A new literature review from the University of Toronto noted Black Canadians make up the third largest minority group in the country, but researchers could find only 23 studies pertaining to breast cancer, cervical cancer and Black Canadian women within in the last 15 years.
This is especially alarming because there is some evidence to suggest Black women could be predisposed to worse outcomes from these diseases.
A 2016 study by the U.S. Centers for Disease Control and Prevention found that Black American women are more likely than white women to get triple-negative breast cancer, a highly aggressive type of cancer known to return after treatment.
“Although this scoping review was focused on breast and cervical cancer in the Black Canadian population, the bigger issue is the fact that in Canada, so much is unknown when it comes to health disparities faced by minority groups, whether due to race racism, ethnicity, or culture,” researchers said in the paper.
In reviewing the available data, researchers also found variation across different Black communities.
“Black Caribbean women appear to actually get screened at the same rate or even higher than white Canadian women, but Black women from sub-Saharan Africa appear less likely to be screened,” said lead author Dr. Onyenyechukwu Nnorom.
Without research into the health of minority groups, differences like these go unnoticed and policy can’t be updated to reflect the group’s unique needs — effectively leaving them vulnerable.
Nnorom says this contributes to the larger problem of systemic racism in Canadian health care, which can affect everything from the individual patient to the medical trials that receive funding and the ones that don’t.
“On the individual level … the woman who is diagnosed with breast cancer is saying … ‘I need you to believe me. I need some answers about how this could affect me ,'” said Nnorom.
“A lot of providers, because it’s not in our guidelines, it’s not part of our practice.”
Cancer remains taboo in many Black communities
The lack of health data about Black Canadians can start a vicious cycle of misinformation that leads to taboo within the Black community.
Without accurate data, there’s little information available for patients, and without information, members of the community remain unaware of their unique risks. This can lead a disease or procedure to become a taboo — something cancer still is within the Black community.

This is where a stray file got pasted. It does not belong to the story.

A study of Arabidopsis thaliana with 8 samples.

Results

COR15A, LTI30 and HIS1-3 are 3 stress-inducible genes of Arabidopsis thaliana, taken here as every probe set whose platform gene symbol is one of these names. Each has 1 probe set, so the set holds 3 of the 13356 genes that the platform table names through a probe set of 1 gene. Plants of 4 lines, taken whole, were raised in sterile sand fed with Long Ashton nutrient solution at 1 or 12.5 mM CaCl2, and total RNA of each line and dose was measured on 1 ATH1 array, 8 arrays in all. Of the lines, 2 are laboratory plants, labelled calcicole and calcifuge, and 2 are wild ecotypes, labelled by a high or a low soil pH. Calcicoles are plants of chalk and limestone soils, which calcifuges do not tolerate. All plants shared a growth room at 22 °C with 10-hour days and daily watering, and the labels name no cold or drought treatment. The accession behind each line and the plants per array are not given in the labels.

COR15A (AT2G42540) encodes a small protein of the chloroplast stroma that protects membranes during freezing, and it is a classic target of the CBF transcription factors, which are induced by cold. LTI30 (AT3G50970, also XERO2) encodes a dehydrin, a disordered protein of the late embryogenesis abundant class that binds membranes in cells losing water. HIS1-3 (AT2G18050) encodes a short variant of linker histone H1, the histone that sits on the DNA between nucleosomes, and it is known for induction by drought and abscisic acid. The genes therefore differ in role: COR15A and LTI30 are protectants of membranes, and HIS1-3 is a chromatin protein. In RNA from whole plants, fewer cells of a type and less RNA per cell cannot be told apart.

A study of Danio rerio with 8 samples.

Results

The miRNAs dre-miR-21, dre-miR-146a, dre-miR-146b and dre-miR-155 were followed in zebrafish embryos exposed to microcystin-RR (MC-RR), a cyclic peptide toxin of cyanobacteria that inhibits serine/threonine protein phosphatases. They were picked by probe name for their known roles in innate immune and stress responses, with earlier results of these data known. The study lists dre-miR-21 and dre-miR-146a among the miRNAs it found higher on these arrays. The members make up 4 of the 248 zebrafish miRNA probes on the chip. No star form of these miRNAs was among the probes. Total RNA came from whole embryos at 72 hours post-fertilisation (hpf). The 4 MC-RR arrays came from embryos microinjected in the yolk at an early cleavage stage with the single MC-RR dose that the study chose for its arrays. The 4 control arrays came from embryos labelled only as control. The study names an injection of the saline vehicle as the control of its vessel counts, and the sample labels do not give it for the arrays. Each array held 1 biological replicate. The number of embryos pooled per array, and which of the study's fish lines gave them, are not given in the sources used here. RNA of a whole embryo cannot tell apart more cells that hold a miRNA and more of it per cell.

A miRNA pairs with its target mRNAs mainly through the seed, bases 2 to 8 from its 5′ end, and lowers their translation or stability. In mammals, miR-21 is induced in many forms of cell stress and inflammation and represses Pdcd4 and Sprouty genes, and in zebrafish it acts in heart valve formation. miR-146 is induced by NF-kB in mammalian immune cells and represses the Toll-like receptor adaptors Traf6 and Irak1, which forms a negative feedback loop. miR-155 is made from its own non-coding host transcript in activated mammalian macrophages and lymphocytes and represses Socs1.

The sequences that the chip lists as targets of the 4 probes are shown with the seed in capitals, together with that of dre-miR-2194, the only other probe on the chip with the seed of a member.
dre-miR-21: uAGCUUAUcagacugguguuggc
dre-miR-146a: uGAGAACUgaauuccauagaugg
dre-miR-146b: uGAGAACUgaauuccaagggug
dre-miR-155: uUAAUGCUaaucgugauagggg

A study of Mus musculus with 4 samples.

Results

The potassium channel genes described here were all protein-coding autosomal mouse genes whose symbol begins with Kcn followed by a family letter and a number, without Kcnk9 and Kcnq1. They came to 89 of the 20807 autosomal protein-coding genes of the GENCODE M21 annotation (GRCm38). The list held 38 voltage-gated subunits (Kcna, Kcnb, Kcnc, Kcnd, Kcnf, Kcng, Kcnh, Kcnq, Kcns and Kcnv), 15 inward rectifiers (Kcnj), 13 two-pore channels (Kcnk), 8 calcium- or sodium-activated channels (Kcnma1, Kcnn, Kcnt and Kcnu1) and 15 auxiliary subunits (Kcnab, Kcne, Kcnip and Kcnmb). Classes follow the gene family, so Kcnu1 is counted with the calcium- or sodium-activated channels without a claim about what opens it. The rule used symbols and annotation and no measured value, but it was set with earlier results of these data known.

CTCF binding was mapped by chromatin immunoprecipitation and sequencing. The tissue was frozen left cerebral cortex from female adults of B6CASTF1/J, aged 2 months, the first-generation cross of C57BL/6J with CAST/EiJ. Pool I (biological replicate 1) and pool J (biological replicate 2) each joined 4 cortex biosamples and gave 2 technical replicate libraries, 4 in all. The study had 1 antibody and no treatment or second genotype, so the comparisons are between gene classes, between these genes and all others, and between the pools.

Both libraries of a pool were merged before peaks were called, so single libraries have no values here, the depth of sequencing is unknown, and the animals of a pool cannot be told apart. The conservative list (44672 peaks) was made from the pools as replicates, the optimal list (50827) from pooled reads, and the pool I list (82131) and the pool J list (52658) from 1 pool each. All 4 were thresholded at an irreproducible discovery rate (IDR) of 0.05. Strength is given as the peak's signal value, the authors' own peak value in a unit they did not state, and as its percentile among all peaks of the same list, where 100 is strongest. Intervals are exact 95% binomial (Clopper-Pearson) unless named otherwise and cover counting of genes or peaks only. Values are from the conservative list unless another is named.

Leila Springer has seen this first-hand, first as a cancer patient and then in her volunteer work.
“The word cancer alone presents a certain amount of fear … It’s almost synonymous with death,” said Springer.
“We have to work at educating them to the point that they understand that kind of diagnosis of cancer doesn’t mean a death sentence.”
In Springer’s experience, education is the key to dispelling the taboo.
“We want women to know that they can access certain services … but a lot of them don’t because talking about it is sort of trouble,” she said. “They find it difficult to share with their family members.
“I’ve heard some stories about women whose mother died from breast cancer, but they had no idea until after the funeral and they were going through papers.”
But in order to properly educate these women, Springer needs access to updated health data — which doesn’t really exist yet.
“When I was diagnosed that’s the one thing I wanted to know. I wanted information about the type of cancer I had, I wanted to know how many people that looked like me had this type of cancer, and I wanted to know how many of them survived,” she said.
“I couldn’t find that information.”
That’s why she started the Olive Branch of Hope, a community organization in Toronto that advocates for Black women, supports research efforts and serves as a place of support for patients.
“, I’d find myself sitting in groups where there were mainly Caucasian women that attended,” she said.
Springer admitted it’s gotten better over the years, but the ways in which women deal with a cancer diagnosis is largely informed by culture — and the support groups at the Olive Branch strive to recognize that.
“We make our support groups different,” she said.
Research and data are needed to change health guidelines
It’s crucial to collect health data about different groups of people because hard numbers are what make it possible to update policy. If it’s true that Black Canadian women also tend to have worse breast and cervical cancer outcomes, screening guidelines should be amended to begin earlier for those women than it does now.
“I’ll give you an example,” Nnorom said. “Within the Ashkenazi population, there has been research to show that these are people who carry genes that put them at higher risk for breast cancer.”
This means Ashkenazi Jewish patients begin frequent cancer screening at an earlier age, a guideline recommended by the government and one which effectively saves lives.
In Nnorom’s view, Canada’s health care system can only be improved once medical researchers and front-line workers begin to address — and accommodate — the risks and needs of different racialized groups.
“One of my colleagues was saying we’re pretty much at the point … where it’s willful blindness, because we know that there are disparities linked to either race or ethnicity on ancestry and other issues and we’re not looking into it,” she said.
“The world lives here. We should be leading the world on these issues.”